2nd Sunday after Pentecost 2016

Sermon Title: 2nd Sunday after Pentecost 2016
Date: 29th May 2016
Preacher: Rev Susanne Chambers
Lectionary Reading:

Today I would like to talk about the soul care of our children and their development of faith.

Like many of you here today, I was brought up going to church and going to Sunday school.  The church service and community of faith back then was a mixture of mystery and seriousness. The theology back then, was that you came to church to be with God and not to interact with others in the service. So for me as a child, they appeared to not really want the children in the service. This may not be totally true but that’s what I remember how I felt.

My Sunday school teacher, Betty Allan was a lovely, kind woman and I still thank her for being an inspiration and her care for us children! She made me feel special and that I belonged.

Relationships are important for children….for anyone! But for a child a smile goes a long way of feeling accepted.  I think that’s why I lead the services the way I do in reaction to what I was brought up with! Besides it being part of my personality!

John Westerhoff, a religious educator, writes “If our children are to have faith, we need to make sure that the church becomes a significant community of faith.”

“Faith is not something that develops in a vacuum. Having faith, understanding faith, exploring faith, and questioning faith are not solo activities.  These things are meant to be done with others who are on the same path or looking for the same path. These things are meant to be done with people older than us, the same age as us, and younger than us.” Postmodern Children’s Ministry by Ivy Beckwith. Page 73

In both the letter from Paul to the community in Galatia and the story today in Luke’s gospel of the faith of the Centurion, show us that we have people of the past, who can give us courage for our faith journey or pilgrimage.

Paul was a prayerful, faithful Jew and a follower of Jesus. He said in the last verse of today’s reading “for I did not receive the gospel from a human source, nor was I taught it, but I received it through a revelation of Jesus Christ.” In other words, through prayer…through talking with God and through deepening that relationship, Paul understood the beauty of the love of God as told by Jesus… the good news! We know that Paul didn’t have an easy time of being a Jesus follower and so his faith kept him centred on who he was and that he was a loved child of God.

The centurion surprised Jesus by his faith. Here was a man not a Jew and therefore ‘outside’ the chosen ones!  The centurion appeared to have good relations with the Jews and sent a delegation of Jews to Jesus to ask to come to heal his dear servant because he loved the Jewish people and built their synagogue. As Jesus was on his way, the centurion sent friends to say to Jesus, don’t come.  We don’t know why he changed his mind but said that all Jesus needed to do was to say the word and his servant would be healed.  Jesus was amazed! Amazed, at such faith and said: “I tell you, not even in Israel have I found such faith!” I don’t know where the centurion got his faith, (he wasn’t of the Jewish faith) but he certainly knew that Jesus would heal his servant.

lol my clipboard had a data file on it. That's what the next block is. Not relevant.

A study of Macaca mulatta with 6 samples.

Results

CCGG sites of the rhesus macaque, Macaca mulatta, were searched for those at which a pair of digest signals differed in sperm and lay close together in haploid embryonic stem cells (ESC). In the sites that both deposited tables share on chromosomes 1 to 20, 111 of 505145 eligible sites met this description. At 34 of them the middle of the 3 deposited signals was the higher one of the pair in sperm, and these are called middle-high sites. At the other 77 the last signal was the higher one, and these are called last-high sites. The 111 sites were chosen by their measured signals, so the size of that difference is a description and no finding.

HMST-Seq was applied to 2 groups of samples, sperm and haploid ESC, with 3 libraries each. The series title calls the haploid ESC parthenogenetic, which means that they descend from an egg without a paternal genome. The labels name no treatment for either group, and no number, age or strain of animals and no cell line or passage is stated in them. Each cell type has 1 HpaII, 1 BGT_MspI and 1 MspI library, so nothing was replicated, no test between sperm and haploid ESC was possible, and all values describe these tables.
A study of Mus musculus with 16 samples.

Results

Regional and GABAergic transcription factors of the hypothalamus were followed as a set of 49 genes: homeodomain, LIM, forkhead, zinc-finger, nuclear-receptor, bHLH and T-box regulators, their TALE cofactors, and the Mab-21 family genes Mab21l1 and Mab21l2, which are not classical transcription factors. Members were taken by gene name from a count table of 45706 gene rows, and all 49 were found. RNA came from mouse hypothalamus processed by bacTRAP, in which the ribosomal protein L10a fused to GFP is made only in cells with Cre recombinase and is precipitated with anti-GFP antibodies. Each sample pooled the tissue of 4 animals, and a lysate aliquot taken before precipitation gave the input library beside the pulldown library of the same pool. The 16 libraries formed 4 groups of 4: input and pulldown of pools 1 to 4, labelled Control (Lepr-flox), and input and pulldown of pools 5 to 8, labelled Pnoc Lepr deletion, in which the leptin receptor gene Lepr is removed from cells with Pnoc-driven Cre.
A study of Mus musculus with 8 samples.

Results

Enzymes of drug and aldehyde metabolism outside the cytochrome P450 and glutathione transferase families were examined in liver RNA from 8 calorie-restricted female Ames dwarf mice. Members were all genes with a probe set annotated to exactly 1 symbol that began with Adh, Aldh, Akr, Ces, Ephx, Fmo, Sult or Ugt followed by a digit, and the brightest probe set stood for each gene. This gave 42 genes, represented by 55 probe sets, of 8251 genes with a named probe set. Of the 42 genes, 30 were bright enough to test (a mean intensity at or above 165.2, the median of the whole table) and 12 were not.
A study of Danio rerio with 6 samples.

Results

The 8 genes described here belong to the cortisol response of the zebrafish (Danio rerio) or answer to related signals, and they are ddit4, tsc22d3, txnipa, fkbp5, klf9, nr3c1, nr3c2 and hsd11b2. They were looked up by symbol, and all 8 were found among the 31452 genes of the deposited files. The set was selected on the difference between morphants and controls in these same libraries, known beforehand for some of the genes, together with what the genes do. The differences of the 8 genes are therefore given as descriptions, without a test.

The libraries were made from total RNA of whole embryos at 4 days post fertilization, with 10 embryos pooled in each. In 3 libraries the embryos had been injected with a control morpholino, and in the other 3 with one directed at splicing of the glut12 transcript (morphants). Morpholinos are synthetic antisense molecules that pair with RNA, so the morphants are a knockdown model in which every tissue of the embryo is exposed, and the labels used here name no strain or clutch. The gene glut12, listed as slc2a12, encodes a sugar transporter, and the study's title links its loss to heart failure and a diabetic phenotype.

A point to make… “I wonder how many people of other faiths we might be amazed about if we stopped to notice the good they are doing? I wonder how many people of different faith or no faith we might see differently – as God’s beloved children – if we kept this story in mind?”

Today we are baptising a baby Elliot and two young people, Felix and Rosalie.

Once they are baptised they belong to the world wide Christian community and here at St Paul’s we are just a small part of that huge community and we commit ourselves to supporting them in their faith journey.

What would you say to them, if they asked you about faith?

What would you say if any of the children ask you or even a twenty year old or an eighty year old?

I would like you to take a couple of minutes to think about your faith.

What sustains your faith? When did you begin to have faith? Where do you get fed? What practices and experiences do you have to nurture your faith? Where do you go or to whom do you go when you are questioning your faith, or trying to understand it more.

Peoples’ responses. (I have asked two parishioners to be ready to share.)

Last night we gathered over pizza to support Felix and Rosalie who will be baptised, and with James, Emma and Lexie who will be taking their first communion today. We had a wonderful conversation about faith and faith practices.

Sometimes your answer might be ‘you just know that there is something/someone we call God, mystery, the Holy One, the divine other… that you just know is there to guide and love you.’

To know and believe that we are loved and belong are the greatest gifts for us human beings.

The Lord be with you.

Post sermon:

It was wonderful that a number of people were willing and able to share what faith means to them, how they practice their faith, where their faith was developed in the beginning and what it means to them to be a man or woman of faith. I had to draw the comments to a close as they wanted to keep sharing!

It was a wonderful faith sharing experience which I hope gave all of us strength and courage for our journey.